High Cholesterol

What is cholesterol?

Cholesterol and triglycerides make up the body 'lipids', the fatty substances in the body. Cholesterol does play an important part in the body and its cells, but too much can leads to furring up of the arteries and cardiovascular disease.

Cholesterol is mainly made in the liver from saturated fats in food, and in fact very little is found in foods.

There are two main types of cholesterol, LDL cholesterol and HDL Cholesterol. LDL cholesterol carries cholesterol from the liver around the body and to the arteries and is therefore 'bad' cholesterol. HDL cholesterol on the other hand returns cholesterol to the liver and so is 'good' cholesterol.

 

How does cholesterol affect coronary artery disease?

Cholesterol can be deposited within the walls of the arteries leading to narrowing of the arteries or plaques. This happens over many years and is even seen from an early age in children.

In the heart these plaques of cholesterol may restrict the flow of blood causing angina, or if the plaque splits a blood clot can form over the top suddenly blocking the artery and causing a heart attack.


 

What are normal levels of cholesterol?

The average cholesterol level in the UK is around 5.5mmol/l. Whilst lower than it used to be it is still too high and as a population we should aim to get it lower. It is important to remember that cholesterol is one of the major risk factors for coronary heart disease, along with diabetes, smoking, high blood pressure, physical inactivity, being overweight, having a family history of heart disease or being of South Asian origin (see Risk Assessment).

 

What are the targets for cholesterol levels?

The target depends on whether there is known cardiovascular disease (coronary heart disease, stokes, peripheral artery disease) or not.

If there are already signs of arterial disease then as part of 'secondary prevention' the cholesterol should be lowered to less than 4mmol/l and LDL targets for cholesterol less than 2mmol/l.There is no specific target for HDL targets for cholesterol but ideally this should be above 1mmol/l.

If there is no known arterial disease but a significant risk of it developing then as part of 'primary prevention' the cholesterol should be treated (see Risk Assessment). The NICE guidelines do not set specific targets on treatment.

 

How can I lower cholesterol?

Cholesterol can be lowered both by lifestyle changes and by medication. It is also important to treat the other risk factors such as blood pressure, smoking etc.

Lifestyle changes are mainly diet and exercise (and stopping smoking):

       Diet - a healthy diet can help reduce cholesterol levels by 10%. Both the total amount of fat in the diet and the amount of saturated fats should be reduced. Oily fish provide a good source of omega-3 fats that are particularly good for the heart. Specific types of food are detailed in many websites and the BHF 'Reducing your cholesterol' booklet is particularly good.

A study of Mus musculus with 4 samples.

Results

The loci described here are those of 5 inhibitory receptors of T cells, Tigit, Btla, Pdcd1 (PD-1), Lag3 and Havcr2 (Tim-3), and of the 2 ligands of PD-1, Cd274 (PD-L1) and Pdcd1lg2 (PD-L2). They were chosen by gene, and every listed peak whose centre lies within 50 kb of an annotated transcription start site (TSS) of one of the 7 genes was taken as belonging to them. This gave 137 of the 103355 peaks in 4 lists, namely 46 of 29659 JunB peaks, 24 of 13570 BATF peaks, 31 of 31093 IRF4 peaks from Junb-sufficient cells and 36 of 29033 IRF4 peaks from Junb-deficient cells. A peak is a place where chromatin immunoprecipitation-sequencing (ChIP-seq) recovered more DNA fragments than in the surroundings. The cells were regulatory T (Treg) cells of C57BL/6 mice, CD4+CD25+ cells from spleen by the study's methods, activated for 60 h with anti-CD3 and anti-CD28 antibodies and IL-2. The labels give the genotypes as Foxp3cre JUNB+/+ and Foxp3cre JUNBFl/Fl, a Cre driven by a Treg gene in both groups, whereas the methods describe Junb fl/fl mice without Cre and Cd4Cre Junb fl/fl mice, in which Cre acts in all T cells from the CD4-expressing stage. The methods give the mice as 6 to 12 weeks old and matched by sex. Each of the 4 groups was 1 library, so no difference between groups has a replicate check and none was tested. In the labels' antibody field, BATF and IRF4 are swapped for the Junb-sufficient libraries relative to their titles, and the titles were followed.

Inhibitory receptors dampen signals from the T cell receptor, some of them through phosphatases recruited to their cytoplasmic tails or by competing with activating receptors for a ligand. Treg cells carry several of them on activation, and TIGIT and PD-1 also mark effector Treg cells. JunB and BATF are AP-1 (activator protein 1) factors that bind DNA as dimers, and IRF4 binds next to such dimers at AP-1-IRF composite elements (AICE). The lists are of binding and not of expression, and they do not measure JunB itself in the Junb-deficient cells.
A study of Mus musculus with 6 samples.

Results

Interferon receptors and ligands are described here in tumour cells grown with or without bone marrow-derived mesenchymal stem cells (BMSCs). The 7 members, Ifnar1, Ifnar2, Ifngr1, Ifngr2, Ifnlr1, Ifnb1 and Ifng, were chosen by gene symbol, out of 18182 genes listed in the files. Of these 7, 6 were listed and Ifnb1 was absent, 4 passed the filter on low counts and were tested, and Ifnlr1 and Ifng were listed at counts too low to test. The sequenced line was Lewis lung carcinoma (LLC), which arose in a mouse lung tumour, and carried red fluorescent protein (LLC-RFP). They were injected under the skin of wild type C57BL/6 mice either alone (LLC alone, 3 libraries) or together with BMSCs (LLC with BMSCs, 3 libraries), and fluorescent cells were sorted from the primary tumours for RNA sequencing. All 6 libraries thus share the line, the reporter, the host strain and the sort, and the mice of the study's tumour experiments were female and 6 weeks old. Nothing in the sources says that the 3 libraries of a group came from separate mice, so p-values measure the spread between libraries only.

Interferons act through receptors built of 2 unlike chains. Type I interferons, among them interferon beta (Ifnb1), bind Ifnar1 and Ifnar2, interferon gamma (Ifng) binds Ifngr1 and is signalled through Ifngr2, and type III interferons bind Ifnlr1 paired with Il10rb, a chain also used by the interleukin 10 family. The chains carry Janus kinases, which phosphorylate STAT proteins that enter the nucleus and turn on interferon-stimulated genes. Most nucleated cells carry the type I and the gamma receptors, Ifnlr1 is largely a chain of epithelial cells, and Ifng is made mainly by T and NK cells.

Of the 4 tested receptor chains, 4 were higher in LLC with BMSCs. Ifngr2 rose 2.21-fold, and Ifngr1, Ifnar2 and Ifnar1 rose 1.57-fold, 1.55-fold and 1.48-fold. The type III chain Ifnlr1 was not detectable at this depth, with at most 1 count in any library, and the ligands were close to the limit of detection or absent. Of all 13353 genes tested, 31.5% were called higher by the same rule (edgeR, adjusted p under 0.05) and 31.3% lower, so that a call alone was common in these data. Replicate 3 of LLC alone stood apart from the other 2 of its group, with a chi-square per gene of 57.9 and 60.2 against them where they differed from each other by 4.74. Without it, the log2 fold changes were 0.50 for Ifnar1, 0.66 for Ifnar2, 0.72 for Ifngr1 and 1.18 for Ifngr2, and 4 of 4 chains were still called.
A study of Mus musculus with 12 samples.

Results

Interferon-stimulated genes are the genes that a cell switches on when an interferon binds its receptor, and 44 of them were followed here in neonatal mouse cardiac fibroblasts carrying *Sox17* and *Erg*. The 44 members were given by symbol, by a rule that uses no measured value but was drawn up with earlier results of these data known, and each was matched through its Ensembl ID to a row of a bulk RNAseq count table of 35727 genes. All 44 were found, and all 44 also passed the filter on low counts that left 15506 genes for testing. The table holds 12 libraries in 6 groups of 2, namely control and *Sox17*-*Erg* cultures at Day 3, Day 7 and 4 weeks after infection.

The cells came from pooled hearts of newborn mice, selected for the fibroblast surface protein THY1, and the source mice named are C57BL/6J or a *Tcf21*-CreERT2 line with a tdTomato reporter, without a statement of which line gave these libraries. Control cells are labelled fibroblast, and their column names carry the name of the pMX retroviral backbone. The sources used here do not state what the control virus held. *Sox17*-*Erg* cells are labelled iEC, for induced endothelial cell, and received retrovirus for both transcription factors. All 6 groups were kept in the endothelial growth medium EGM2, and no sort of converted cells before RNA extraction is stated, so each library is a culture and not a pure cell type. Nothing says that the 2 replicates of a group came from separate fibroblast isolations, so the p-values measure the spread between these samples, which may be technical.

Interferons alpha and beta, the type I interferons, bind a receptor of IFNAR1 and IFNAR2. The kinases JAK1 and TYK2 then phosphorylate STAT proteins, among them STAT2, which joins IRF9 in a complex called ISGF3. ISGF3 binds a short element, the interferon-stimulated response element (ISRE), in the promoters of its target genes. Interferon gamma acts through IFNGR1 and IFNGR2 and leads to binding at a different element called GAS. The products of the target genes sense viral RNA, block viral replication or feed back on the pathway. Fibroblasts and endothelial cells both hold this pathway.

Exercise - regular exercise increases the HDL (good) cholesterol as well as helping with blood pressure. We should all aim to exercise for 30 minutes a day for 5 days a week. The 30 minutes can be divided up each days, but you cannot carry over the exercise from one day to another!. With exercise the aim should be to feel warm and slightly breathless, but so breathless that you cannot talk.

 

Medication for reducing cholesterol - the 'statins'

Statins are the main types of drugs for reducing cholesterol. They are very effective at reducing cholesterol levels and can achieve lower levels than diet alone (though when taken to reduce cholesterol should be used in combination with a low fat diet).

There are several stains, the main examples being simvastatin, atorvastatin, rosuvastatin and pravastatin.

They reduce cholesterol levels and stabilise the plaques of cholesterol already present to reduce the chance of them forming clots and blockages.

Statins reduce the risk of heart attacks and strokes. All people who have had an arterial problem should be on a statin, even if the starting cholesterol is normal as the statin will still reduce the future risk.

Statins are not a substitute for a low fat diet and healthy lifestyle but shoudl be used in conjuction with these.

 

What are the possible side effects of statins?

Statins may cause nausea, diarrhoea and aching joints in a small number of cases. Serious side effects are very rare - the statins can cause muscle inflammation and any muscle aches should be reported to your doctor who will check  a blood test and consider changing the statins or reducing the dose.

The statins will only be started after assessment of the balance between benefit and risk in you. The British press often publish bad news about statins! It is important to remember that statins are a very effective therapy and have been part of many,\many clinical trials. They are proven to significantly reduce the risk of heart attacks and strokes.


What other medications are used?


Less commonly used medications are:

Fibrates - such as bezafibrate and fenofibrate. These are good at reducing the triglyceride levels in the blood, but not so effective at reducing cholesterol as the statins. They are sometimes used in conjunction with statins but only with carefulmonitoring.

Ezetimibe - this lowers cholesterol in a different way to statins. It is not very effective on its own but more effective when used in combination with a statin. However, the long term benefits are yet to be proven.

Nicotinic acid - these are very good at raising the HDL cholesterol but is not widely used because of side effects, particularly flushing.


Every effort has been made to ensure that the information on this website is up-to-date and accurate. However, it is intended to serve as a guide only. Symptoms may vary and if you have any medical concerns you should always consult a healthcare professional.